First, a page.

THE SHOW: Selfie from showrunner Emily Kapnek
WHEN: Tuesdays 8/7 c (Premiered September 30, 2014)
THE CAST: Karen Gillan and John Cho
THE SETUP: Based loosely on Pygmalion and My Fair Lady, Selfie tells the story of Eliza Dooley, a social media self-obsessed young woman who gets the help of a marketing expert to help change her image after she discovers she has no real friends.
If you’re looking for an Emmy Worthy (though what does that mean exactly these days anyway?) comedy series then this isn’t the show for you. However, if you’re looking for a fun, romantic comedy type series reminiscent of My Fair Lady and Never Been Kissed, then this show might be right up your alley. In other words, it’s right up mine! I smiled all the way through Selfie. Is this a laugh out loud sitcom with funny gag after funny gag? No. But it is a likable romantic comedy in sitcom form with funny moments and is great for fans of the genre.
Now this series would not work if the two leads didn’t have chemistry. Thankfully, the chemistry between Karen Gillan and John Cho is fantastic! They’re both very charming and play opposite each other well. I look forward to how their relationship and obvious romance will develop.
The writing was also great with clever dialogue and funny situations. I especially liked how the writer gave three-dimensional characterization to the two leads, particularly with Eliza. My worry going into the show was that it would be too much about social media and selfies with an unlikable, obnoxious female lead character. I was very wrong. In fact, it’s quite the opposite. The show really saves itself by giving us a Never Been Kissed type flashback of young Eliza in middle school at a dance where she is completely ignored.
The show really saves itself by giving us a Never Been Kissed type flashback of young Eliza in middle school at a dance where she is completely ignored.
So this shallow, self-obsessed girl she’s become is really a reaction (or an overreaction of being the unpopular outcast as a girl). So she is redeemable. Hence the whole purpose of the series…
Overall, I appreciate that Selfie has no cynicism to be found, unless you count the characterization of John Cho as Henry, the overly serious exec who’s helping make Eliza over. But no doubt Eliza will melt all that cynicism away over time. This is an upbeat series for the romantic at heart who do not take every movie or TV show too seriously. I rate it four corsets with four vintage hearts.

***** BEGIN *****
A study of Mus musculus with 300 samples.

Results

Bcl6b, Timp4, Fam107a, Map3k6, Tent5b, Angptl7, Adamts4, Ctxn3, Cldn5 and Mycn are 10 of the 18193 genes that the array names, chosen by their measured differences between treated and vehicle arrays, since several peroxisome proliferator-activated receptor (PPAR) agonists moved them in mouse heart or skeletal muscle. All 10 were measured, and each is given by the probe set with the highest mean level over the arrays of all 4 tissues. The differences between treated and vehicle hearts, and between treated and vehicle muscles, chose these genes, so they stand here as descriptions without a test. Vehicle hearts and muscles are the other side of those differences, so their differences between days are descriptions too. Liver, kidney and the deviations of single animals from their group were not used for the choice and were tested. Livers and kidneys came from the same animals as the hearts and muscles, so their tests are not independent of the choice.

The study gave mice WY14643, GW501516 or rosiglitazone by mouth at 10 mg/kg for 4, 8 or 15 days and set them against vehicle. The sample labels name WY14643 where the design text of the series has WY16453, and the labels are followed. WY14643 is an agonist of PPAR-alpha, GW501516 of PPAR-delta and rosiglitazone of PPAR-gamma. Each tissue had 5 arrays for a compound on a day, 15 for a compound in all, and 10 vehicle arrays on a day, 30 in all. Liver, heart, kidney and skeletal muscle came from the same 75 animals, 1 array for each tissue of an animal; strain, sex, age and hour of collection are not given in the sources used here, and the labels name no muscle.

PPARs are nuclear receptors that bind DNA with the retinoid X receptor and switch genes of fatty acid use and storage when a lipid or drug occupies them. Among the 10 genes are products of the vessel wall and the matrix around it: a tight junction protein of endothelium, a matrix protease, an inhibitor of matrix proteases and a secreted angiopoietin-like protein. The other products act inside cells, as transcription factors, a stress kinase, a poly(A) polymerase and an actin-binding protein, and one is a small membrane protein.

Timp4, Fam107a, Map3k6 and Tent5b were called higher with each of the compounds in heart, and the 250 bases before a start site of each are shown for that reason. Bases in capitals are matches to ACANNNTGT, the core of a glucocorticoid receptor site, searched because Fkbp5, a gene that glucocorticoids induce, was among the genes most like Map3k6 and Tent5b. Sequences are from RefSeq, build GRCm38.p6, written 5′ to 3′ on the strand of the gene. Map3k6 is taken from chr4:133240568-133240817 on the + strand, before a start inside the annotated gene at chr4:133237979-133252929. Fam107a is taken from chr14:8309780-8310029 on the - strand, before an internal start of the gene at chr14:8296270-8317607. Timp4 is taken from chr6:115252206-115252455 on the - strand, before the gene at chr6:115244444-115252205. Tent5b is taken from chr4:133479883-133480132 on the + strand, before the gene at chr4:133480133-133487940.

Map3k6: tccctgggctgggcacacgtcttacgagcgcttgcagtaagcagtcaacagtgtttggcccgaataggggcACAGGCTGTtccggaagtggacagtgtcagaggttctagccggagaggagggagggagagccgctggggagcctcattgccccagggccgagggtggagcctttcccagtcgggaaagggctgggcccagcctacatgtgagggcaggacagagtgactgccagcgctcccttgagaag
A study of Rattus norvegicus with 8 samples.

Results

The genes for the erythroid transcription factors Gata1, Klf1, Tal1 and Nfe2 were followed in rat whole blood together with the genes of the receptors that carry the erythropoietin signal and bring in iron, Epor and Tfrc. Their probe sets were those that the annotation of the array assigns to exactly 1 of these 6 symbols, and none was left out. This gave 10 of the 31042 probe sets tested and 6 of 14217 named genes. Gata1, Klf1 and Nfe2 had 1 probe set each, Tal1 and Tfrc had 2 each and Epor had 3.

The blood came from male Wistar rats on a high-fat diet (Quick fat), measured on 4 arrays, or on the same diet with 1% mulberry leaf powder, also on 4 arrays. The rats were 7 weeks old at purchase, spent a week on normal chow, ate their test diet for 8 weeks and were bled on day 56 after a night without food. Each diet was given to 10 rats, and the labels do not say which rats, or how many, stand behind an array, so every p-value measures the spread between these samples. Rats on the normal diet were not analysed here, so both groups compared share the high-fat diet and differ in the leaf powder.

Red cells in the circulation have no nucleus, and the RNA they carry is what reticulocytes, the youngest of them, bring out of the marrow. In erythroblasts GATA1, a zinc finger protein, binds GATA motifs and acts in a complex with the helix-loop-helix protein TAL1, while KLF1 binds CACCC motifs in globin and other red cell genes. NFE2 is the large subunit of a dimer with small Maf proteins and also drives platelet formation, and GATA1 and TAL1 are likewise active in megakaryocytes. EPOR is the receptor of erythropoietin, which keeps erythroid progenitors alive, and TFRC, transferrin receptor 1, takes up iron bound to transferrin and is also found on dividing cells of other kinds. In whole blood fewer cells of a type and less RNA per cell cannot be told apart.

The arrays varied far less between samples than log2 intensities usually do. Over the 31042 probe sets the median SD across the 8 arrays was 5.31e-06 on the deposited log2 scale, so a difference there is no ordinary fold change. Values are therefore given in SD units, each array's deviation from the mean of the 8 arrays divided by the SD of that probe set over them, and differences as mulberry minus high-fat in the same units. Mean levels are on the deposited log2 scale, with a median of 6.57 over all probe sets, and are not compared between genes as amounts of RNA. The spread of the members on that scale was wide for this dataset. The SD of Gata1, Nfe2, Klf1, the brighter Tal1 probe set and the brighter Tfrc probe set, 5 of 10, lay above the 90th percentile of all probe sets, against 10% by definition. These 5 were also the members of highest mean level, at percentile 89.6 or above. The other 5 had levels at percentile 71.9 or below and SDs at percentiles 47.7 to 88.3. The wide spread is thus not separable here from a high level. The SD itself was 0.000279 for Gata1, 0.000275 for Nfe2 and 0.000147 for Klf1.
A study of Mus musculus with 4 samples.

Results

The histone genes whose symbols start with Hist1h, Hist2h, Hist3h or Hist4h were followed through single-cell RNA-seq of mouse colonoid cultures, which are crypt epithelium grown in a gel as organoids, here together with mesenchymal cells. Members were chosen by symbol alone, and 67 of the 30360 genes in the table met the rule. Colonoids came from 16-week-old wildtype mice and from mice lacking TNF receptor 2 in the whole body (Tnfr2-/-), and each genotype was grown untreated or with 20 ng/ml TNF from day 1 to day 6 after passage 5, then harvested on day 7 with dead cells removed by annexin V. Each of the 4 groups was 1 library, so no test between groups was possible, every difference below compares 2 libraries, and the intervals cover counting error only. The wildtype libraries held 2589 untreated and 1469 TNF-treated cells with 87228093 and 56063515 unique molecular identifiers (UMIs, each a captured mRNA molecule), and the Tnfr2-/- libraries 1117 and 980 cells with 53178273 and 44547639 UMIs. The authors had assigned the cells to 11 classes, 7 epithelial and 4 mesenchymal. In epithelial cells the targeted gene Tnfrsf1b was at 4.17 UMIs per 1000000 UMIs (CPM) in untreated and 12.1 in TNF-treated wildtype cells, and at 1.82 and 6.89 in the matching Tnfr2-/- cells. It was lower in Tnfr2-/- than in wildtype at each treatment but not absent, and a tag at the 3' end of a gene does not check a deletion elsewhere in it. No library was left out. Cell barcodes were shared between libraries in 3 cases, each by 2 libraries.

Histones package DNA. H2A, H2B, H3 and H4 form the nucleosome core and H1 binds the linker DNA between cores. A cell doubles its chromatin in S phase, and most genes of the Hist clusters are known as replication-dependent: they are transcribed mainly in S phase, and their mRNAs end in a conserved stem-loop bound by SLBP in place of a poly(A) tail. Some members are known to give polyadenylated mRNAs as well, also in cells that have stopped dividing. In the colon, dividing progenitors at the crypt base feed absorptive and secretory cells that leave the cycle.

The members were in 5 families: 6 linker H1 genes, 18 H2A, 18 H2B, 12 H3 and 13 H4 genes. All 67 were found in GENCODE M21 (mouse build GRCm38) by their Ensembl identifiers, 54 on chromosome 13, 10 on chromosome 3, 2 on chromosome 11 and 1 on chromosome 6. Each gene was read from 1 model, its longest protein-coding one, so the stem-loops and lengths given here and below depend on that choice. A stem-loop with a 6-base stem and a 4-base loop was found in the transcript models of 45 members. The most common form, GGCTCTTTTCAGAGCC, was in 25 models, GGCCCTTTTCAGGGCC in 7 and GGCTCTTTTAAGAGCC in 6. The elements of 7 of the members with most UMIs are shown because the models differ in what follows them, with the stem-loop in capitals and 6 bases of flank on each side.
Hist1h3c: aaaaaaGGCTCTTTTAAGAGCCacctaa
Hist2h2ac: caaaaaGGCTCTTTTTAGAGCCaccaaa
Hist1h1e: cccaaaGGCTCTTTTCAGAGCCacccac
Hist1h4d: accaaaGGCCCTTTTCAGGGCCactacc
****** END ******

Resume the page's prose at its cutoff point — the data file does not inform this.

It was only a matter of time before My Fair Lady, or Pygmalion if you will, came into the modern age of social media narcissism. I mean, what else needs a makeover? Requiring more beauty on the inside this time around (unlike She’s All That), I found myself surprisingly rooting for this familiar tale in a new setting. Unfortunately, because of the familiarity of the story, I don’t think audiences will flock to Selfie in big droves. I’m really hoping that isn’t the case because it is a lot of fun and sometimes familiar tales make for the most comfortable evenings in.
Then of course there is the chemistry between Karen Gillan (Doctor Who) and John Cho (Star Trek). It may be almost as adorable as David Tennant’s puppy eyes, almost being the operative word. In an imperfect pilot thanks to unmemorable side characters, their chemistry is the true star of the show. For a half hour, I had a good time and unexpectedly found myself cheering for Eliza, despite her self-absorbed and shallow antics. I see the beginnings of a really interesting female character that is very 3-dimensional. So, if you love romantic comedies, I say give Selfie a chance. You might just leave with a smile. I rate the pilot 4 corsets overall and 5 vintage hearts for a likable, blossoming romance.
So, I’ll admit that I was a bit put off by this shows name at first. Because of this, I was pretty sure I wasn’t going to be a fan of what sounded like another hyped up series about spoiled rich girls living it up in the city. Well, I was wrong. This modern take on My Fair Lady actually has some promise. Karen Gillan, Amy from Doctor Who, plays her part perfectly as the self-absorbed shallow pretty girl obsessed with gaining fame through social media. One thing I do like about the concept of this show is that it exposes the hold social media have gained on our society. We are looking at a whole new generation that lives their lives through social media. We definitely see an example of that in Selfie.
But, back to Miss Gillan. She’s immediately unlikeable (a good thing in this case) and I literally had to hold myself back from constantly screaming and cursing at her. Acting opposite her is John Cho playing Henry Higgs, the man who is set with the task of turning her into a decent human being. The multiple training exercises Henry gives her provide some entertaining moments, and Cho and Gillan work well together. The two have good chemistry as far as their comedic timing goes, while they can also be believably vulnerable with each other, as we saw at the end of the pilot. It’s pretty clear that it’s going to turn out to be your typical romantic comedy, but I think the cast give it the potential to perhaps raise it above it’s rather shallow surface. I rate it 3 corsets overall and 3 vintage hearts for romance.
What did you think of Selfie? Let us know in the comments.